It’s a common misconception that only seniors have hearing loss. Age related hearing loss is just one kind of sensorineural hearing loss, or hearing loss due to damage to cells in the inner ear. Noise induced hearing loss is another form of sensorineural hearing loss, which affects people of all ages. However, there’s another kind of hearing loss that affects people of all ages: conductive hearing loss. This hearing loss affects the outer and middle ear and sounds never make it to the inner ear at all.
This hearing loss is common among children and teens, and adults and seniors can also experience conductive hearing loss. This hearing loss is caused by a blockage in the outer or middle ear, so that sounds from the environment aren’t conducted to the inner ear. When there is any blockage in the ear, a fluid buildup, or some structural damage to the ear canal or the middle ear, the result will be conductive hearing loss.
There are a few telltale signs that differentiate conductive hearing loss from sensorineural hearing loss.
Other signs of conductive hearing loss include struggling to follow conversations, turning up the volume on the TV, or sleeping through the alarm clock. You may experience pain in the ear, have a discharge in the ear, or even feel dizzy.
Causes of conductive hearing loss vary widely, and anything that can block the ear canal or damage the middle ear will cause hearing loss.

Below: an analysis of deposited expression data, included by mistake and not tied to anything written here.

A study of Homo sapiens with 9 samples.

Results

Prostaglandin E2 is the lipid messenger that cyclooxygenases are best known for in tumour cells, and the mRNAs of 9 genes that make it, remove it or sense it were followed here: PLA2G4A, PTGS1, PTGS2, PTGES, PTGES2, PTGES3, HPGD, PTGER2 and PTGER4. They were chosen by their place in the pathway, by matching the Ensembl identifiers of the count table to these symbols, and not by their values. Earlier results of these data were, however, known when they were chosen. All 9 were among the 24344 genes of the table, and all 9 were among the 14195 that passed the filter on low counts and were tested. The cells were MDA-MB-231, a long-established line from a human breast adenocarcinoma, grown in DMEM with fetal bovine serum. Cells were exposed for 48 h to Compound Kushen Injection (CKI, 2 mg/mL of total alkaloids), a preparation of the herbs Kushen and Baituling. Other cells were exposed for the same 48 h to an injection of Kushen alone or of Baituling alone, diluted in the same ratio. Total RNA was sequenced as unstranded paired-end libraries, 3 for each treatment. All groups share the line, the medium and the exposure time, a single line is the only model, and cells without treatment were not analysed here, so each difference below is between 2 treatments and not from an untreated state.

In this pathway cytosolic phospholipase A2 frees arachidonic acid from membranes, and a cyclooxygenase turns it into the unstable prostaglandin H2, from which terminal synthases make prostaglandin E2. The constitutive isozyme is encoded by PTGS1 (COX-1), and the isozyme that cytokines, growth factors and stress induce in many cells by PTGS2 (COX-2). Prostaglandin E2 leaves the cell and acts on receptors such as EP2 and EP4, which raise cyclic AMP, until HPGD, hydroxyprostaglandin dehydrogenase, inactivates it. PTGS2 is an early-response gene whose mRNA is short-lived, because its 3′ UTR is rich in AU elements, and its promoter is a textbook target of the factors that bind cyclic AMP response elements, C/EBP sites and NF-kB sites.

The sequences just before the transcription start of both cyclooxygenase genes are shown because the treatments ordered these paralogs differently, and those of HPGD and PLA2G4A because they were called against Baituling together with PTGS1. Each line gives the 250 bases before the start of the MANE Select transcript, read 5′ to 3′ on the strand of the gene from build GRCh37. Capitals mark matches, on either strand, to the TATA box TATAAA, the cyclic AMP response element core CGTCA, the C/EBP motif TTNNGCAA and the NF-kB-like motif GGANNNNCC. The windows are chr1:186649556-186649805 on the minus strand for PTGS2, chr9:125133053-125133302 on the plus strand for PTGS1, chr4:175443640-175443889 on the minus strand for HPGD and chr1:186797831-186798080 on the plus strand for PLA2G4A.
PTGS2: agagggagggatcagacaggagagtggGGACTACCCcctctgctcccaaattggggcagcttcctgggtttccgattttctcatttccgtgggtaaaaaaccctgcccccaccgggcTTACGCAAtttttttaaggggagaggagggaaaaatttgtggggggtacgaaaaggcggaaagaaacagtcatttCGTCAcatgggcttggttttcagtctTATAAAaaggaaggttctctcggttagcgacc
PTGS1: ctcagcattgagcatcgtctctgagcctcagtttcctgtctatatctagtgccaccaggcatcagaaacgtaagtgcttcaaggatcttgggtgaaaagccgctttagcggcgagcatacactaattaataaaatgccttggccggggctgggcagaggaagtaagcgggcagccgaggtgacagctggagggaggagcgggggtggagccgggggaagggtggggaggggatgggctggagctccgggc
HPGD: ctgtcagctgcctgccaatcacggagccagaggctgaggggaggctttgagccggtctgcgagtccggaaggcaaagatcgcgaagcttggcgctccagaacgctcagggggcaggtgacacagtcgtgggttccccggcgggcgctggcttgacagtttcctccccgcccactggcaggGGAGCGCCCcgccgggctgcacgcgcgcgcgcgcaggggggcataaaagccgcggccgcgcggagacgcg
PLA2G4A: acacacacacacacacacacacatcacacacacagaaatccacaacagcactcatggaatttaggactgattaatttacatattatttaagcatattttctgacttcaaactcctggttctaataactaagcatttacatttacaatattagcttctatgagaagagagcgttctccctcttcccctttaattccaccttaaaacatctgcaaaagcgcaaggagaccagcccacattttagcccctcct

Conductive hearing loss can sometimes be treated very easily, and this hearing loss won’t be permanent. For example, removing a buildup of ear wax can open the ear canal, and make it easy for sounds to reach the inner ear. Medical treatments are best used when the conductive hearing loss is due to an infection, and antibiotics can fight the infection, speed the draining of the ear, and have you hearing normally in just a few days.
Other causes of conductive hearing loss will need more advanced treatment, and you may opt for a surgical implant, or invest in hearing devices. Hearing aids will help you hear the sounds around you and get back to participating in conversations with friends and loved ones. A hearing test will determine the severity of your hearing loss, show what sounds you’re missing, and help you pick the perfect device that will let you hear clearly.